By Phil Power
Traverse City Record-Eagle
---- — Well, well. Kevyn Orr is now firmly in the saddle as Detroit’s Emergency Financial Manager. Mike Duggan’s campaign for mayor has evaporated, leaving Wayne County Sheriff Benny Napoleon in the driver’s seat. And Bob Ficano, the current Wayne County executive, is teetering on the brink of political extinction, trouble with the law — or both.
So where does all this leave folks like me who believe Michigan’s prosperity is deeply tied up with the future of our state’s two largest units of local government?
First, my impression is that Orr is doing a terrific job, and in the process has provided some real credibility to the entire Emergency Financial Manager system adopted by the state.
He’s protected his back by reaching out to Mayor Dave Bing and the Detroit city council, keeping them on the payroll. He finally appears to be bringing accounting clarity to Detroit’s famously opaque books. And he is aggressively making the argument to bond-holders that it would be best to cut a deal with him rather than risk an unknown but all-powerful bankruptcy judge.
In other words, he’s offering bondholders a “haircut” in the form of a buzz cut rather than a potential total head-shaving. Of course, nobody has any idea how things will turn out, especially since the public employee unions are foaming at the mouth over proposed cuts in pensions and health care, let alone wages and work rules.
The public relations battle to frame the terms of the war is already beginning to take shape. Orr and much of the Detroit media are in the process of setting the stage as a conflict between the unions representing the 30,000 current and retired city employees and the 713,000 city residents the census found in 2010, a figure that has likely shrunk some, according to Data Driven Detroit.
If that’s the way most people see it, the unions will wind up on the very short end of the public opinion stick, and could face a hostile political environment far different from the one they are used to.
Second, it may be that some combination of haircuts to reduce unfunded debt and a complete restructuring of Detroit’s operations may result in a financially sustainable city over the long run. But the real question is what kind of city will it be? As the Bible teaches, you cannot live by bread alone. For Detroit to prosper in the future it must have both some kind of soul and some distinctive features that can attract people and their families to live in the city.
By now, it is pretty clear that a major — perhaps the main — factor in the city’s demise is long-term population decline. The U.S. Census shows the city lost more than 25 percent of its population from 2000 to 2010. Nobody seems to have hard data about what kinds of people who have left the city. Even ace demographer Kurt Metzger, who runs Data Driven Detroit, says that’s hard to pin down.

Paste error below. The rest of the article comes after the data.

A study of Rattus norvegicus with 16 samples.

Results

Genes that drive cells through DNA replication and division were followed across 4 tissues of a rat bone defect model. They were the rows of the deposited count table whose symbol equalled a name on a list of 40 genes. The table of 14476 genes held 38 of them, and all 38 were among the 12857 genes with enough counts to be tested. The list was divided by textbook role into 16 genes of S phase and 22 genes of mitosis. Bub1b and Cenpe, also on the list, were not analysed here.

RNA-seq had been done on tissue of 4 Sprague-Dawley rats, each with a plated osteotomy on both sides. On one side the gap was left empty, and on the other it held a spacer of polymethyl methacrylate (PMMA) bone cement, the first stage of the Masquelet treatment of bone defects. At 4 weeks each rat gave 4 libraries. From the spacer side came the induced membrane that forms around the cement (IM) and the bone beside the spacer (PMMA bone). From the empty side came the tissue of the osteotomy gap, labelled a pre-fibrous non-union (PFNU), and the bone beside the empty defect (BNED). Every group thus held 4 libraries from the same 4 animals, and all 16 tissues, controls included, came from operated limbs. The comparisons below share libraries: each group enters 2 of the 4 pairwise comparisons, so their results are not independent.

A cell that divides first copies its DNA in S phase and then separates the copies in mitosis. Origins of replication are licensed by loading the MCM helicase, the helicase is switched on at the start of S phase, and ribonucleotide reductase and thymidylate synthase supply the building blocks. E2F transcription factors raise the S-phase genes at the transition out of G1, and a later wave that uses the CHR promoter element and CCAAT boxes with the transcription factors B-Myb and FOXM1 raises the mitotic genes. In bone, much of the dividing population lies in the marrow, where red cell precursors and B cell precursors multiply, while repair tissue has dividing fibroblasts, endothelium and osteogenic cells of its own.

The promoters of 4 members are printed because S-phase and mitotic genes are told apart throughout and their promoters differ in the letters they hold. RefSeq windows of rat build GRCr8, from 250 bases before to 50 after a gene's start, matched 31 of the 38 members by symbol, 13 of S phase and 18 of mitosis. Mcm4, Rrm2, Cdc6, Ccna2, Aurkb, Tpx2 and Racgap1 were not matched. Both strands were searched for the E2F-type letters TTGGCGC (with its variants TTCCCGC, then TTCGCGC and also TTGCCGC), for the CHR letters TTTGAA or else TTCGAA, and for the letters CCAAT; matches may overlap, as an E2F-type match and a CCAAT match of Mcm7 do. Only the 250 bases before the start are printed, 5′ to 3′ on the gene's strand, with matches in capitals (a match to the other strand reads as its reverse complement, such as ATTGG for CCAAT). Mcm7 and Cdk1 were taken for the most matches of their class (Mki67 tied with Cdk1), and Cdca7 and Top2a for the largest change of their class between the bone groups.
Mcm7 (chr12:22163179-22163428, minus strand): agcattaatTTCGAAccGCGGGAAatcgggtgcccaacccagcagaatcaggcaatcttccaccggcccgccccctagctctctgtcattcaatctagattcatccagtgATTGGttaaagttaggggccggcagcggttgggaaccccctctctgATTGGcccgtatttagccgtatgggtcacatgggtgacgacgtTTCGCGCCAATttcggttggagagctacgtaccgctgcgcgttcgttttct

But most people I talk with say many of those who have left are educated and employed families with children — driven out by a combination of unsafe streets, unsteady city services and under-performing schools.
No doubt, there is real energy and optimism about Detroit’s midtown near Wayne State University and the Fisher Building. Young, energetic and talented people are moving in, attracted by the terrific combination of low housing costs and the prospect of remaking an entire city. Entrepreneurs like Dan Gilbert are slicing and dicing Detroit real estate like a Monopoly board.
Problem is, many of those young people may be living in Detroit but (as Bridge magazine recently discovered) registered to vote in the suburbs. Why? Having an official Detroit address can mean you’ll pay thousands more in car insurance costs per year.
In other aging cities, the prospect of financial and political breakdown usually produces reform movements of various sorts, often led by exactly such young people. But if they don’t (or won’t) vote in Detroit, who’s going to manage the wholesale change in Detroit’s famously dysfunctional political culture that is needed to manage the long-run task of building a dynamic and exciting city?
The demographers say that history is to a large degree determined by demography. That means that even if Kevyn Orr is beyond successful financially, the future of the city is beyond dire … unless we all can figure out a way to re-energize and re-engage Detroit’s long-suffering residents and attract newcomers.
The ones, that is, who are willing to help build a political culture that can manage the long and difficult task of reconstruction.
Phil Power is a former newspaper publisher and University of Michigan Regent. He is founder and president of The Center for Michigan, a centrist think-and-do tank. The opinions expressed here are his own. By e-mail at: ppower@thecenterformichigan. net.